WASHINGTON (CNN) -- President Obama's nominee to command U.S. and NATO troops in Afghanistan said Tuesday that to be successful, an aggressive counterinsurgency campaign must minimize civilian casualties and collateral damage.
Lt. Gen. Stanley McChrystal testified before the Senate as the nominee to become the new overall commander in Afghanistan.
Lt. Gen. Stanley McChrystal told the Senate Armed Services Committee that the mission requires more Afghan security forces, as well as a new focus on counterinsurgency to both decrease violence and build support for the allied mission among the Afghan population.
"From limited but necessary air strikes to small unit search and detention operations, if confirmed, I would emphasize that how we conduct operations is vital to success," McChrystal said, touching on a subject that has become a flashpoint in Afghanistan.
U.S. air strikes against Taliban forces have also killed numerous civilians, angering Afghans and Afghan President Hamid Karzai and straining the relationship between the two countries.
In all cases, "a willingness to operate in ways minimizing causalities or damage ... is critical," McChrystal said. "Although I expect stiff fighting ahead, the measure of success will not be enemy killed. It will be shielding the Afghan population from violence."
McChrystal was testifying as the nominee to become the new overall commander in Afghanistan. He would replace Gen. David McKiernan if he is confirmed by the Senate.
McKiernan was removed by Obama last month in favor of McChrystal, who has a deep special operations background and has led the hunt for high-value terrorists in Afghanistan and Iraq.
Under questioning from committee members, McChrystal said he believes the war is winnable but will be difficult, with U.S. casualties increasing as operations move into the south near the border with Pakistan. Eventual success is important for both the stability of the region and U.S. credibility in the effort to help the Afghan people shape a better future, McChrystal said.
A former Green Beret, McChrystal has vast experience in counterinsurgency warfare and has been credited with playing a key role in the capture of Saddam Hussein. However, he also came under scrutiny for allegations that units under his command mistreated detainees and for confusion following the 2004 friendly fire death of Pat Tillman, who gave up a pro football career to serve with the Army in Afghanistan.
Investigations by the Army's Criminal Investigations Division and the Defense Department's inspector general concluded officers in Tillman's chain of command knew almost immediately that he had been killed by fire from his own platoon. That information, however, was withheld from his family for more than a month, in violation of Army regulations.
McChrystal was one of four generals identified in the report. He was later cleared in the investigation, but was faulted for not immediately notifying Tillman's family of suspicions that it was a friendly fire incident.
Under questioning Tuesday from Sen. John McCain of Arizona, the ranking Republican on the committee, McChrystal said the mistake in the Tillman situation involved attempts to simultaneously support the awarding of a Silver Star for Tillman while investigating the reports that he died from friendly fire. A policy to have awards approved in time to present them to families at memorial ceremonies should be changed to prevent competing pressures, McChrystal said.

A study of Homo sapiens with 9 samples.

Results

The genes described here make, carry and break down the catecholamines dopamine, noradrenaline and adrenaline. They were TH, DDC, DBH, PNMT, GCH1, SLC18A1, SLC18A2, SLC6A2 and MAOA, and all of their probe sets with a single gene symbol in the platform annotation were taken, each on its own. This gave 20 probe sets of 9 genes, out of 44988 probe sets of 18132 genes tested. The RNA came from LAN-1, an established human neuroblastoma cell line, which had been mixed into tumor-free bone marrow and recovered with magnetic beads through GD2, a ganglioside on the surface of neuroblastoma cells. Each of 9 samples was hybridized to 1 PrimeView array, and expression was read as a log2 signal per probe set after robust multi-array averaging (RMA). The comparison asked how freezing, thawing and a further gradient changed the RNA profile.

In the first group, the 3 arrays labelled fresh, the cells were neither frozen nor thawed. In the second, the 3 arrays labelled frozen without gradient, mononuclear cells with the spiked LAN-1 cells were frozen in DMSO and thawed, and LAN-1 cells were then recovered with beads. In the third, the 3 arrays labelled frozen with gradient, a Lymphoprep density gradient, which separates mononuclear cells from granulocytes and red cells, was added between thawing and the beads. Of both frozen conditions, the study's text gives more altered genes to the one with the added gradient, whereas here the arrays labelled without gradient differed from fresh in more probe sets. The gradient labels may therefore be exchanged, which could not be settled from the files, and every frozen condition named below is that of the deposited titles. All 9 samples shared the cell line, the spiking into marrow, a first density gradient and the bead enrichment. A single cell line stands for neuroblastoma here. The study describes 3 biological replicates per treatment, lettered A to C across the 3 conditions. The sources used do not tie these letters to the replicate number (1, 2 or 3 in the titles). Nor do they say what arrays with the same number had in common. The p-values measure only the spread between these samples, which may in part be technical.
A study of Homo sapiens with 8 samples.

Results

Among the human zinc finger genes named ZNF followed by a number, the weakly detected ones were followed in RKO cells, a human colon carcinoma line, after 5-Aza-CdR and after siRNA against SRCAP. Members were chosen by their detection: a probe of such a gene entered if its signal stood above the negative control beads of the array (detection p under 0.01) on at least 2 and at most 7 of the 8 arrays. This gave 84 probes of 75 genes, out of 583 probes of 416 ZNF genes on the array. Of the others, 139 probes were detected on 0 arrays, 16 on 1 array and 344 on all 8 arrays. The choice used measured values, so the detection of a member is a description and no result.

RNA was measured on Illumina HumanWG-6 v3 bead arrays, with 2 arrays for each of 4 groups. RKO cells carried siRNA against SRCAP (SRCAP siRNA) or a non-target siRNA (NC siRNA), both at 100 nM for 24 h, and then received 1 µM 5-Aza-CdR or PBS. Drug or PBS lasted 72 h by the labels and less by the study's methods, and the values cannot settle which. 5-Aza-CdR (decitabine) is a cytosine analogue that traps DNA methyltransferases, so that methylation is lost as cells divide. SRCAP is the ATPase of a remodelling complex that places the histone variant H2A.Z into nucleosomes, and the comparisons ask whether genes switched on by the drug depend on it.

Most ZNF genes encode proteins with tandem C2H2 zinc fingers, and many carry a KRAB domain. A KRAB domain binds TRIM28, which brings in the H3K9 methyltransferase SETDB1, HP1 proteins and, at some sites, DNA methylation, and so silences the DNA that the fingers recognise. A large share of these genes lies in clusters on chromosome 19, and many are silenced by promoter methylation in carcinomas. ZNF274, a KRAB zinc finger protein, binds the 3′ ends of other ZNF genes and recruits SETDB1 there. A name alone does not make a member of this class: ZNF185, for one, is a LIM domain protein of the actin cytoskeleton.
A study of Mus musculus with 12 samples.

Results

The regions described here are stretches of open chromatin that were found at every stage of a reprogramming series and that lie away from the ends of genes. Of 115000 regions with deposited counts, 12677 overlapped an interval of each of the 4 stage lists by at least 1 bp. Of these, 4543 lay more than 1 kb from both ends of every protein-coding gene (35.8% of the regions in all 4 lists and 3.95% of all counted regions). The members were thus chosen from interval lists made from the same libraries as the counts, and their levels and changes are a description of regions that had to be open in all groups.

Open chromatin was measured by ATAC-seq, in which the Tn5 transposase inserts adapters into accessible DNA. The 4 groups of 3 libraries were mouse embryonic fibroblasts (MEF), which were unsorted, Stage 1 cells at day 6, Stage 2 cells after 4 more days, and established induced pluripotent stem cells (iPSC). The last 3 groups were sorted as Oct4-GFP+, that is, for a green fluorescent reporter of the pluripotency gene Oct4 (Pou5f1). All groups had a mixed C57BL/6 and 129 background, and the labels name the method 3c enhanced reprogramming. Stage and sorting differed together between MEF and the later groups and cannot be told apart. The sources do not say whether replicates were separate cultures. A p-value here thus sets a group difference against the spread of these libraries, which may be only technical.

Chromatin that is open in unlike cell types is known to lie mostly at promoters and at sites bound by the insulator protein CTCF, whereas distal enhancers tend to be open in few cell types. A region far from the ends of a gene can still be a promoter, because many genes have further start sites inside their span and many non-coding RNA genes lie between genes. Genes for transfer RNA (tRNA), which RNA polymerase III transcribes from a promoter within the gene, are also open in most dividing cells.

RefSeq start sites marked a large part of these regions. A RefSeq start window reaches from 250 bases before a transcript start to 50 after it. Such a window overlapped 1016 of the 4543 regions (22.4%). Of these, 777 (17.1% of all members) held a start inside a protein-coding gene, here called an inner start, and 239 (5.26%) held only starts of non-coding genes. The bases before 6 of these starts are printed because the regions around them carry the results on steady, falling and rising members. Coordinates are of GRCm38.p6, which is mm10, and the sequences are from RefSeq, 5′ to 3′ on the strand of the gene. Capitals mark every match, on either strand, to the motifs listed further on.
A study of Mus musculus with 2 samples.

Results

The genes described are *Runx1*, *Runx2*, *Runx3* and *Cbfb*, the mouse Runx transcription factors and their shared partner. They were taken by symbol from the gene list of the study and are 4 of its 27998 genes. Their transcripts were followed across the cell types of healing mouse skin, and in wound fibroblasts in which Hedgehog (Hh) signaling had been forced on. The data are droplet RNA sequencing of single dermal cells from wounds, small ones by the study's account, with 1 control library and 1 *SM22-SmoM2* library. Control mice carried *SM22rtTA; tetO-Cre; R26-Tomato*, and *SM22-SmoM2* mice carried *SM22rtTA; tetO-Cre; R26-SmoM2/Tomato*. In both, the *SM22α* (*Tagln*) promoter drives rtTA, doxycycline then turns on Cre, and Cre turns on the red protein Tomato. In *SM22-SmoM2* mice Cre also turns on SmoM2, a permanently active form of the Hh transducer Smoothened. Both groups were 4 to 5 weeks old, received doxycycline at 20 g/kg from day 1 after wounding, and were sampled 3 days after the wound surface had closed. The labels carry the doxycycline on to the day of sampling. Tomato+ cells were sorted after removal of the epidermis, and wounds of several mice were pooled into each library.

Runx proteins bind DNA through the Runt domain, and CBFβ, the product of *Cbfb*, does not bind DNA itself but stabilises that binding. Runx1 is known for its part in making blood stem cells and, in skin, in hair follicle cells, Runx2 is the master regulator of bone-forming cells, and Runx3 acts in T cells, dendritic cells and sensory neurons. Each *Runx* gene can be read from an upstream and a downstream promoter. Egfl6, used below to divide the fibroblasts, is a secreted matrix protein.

"I would do this differently if I had the chance again," he said, adding that the Silver Star citation was "not well-written" because it could be interpreted to imply that Tillman's death was not by fratricide.
Asked if he believed Tillman earned the Silver Star before his death, McChrystal said: "I did then, I do now. ... I don't believe that the circumstance of death detract from the courage and commitment of his contribution."
Committee Chairman Sen. Carl Levin, D-Michigan, asked McChrystal about controversial interrogation techniques such as stress positions, forced nudity and the use of dogs by units under his command in 2003. McChrystal acknowledged such techniques were used, and while they were permitted under legal guidelines at the time, he said they made him uncomfortable.
"Some of them were used when I took over, and we immediately began to reduce those," he said.
Obama has called Afghanistan and neighboring Pakistan the "central front in our enduring struggle against terrorism and extremism," and, since taking office in January, has promised to send 21,000 more troops to Afghanistan. The president has also called for new legislation, improved troop training and added civilian expertise in an effort to battle a resurgent Taliban.
The United States invaded Afghanistan in October 2001 in response to the September 11, 2001, al Qaeda attacks on New York and Washington. It quickly displaced the ruling Taliban, which had allowed al Qaeda to operate from its territory, but the top al Qaeda and Taliban leaders slipped away and remain at large.
Also appearing before the committee with McChrystal were Adm. James G. Stavridis, nominated to be supreme allied commander for Europe, and Air Force Lt. Gen. Douglas M. Fraser, nominated as commander of the U.S. Southern Command.
CNN's Tom Cohen contributed to this story.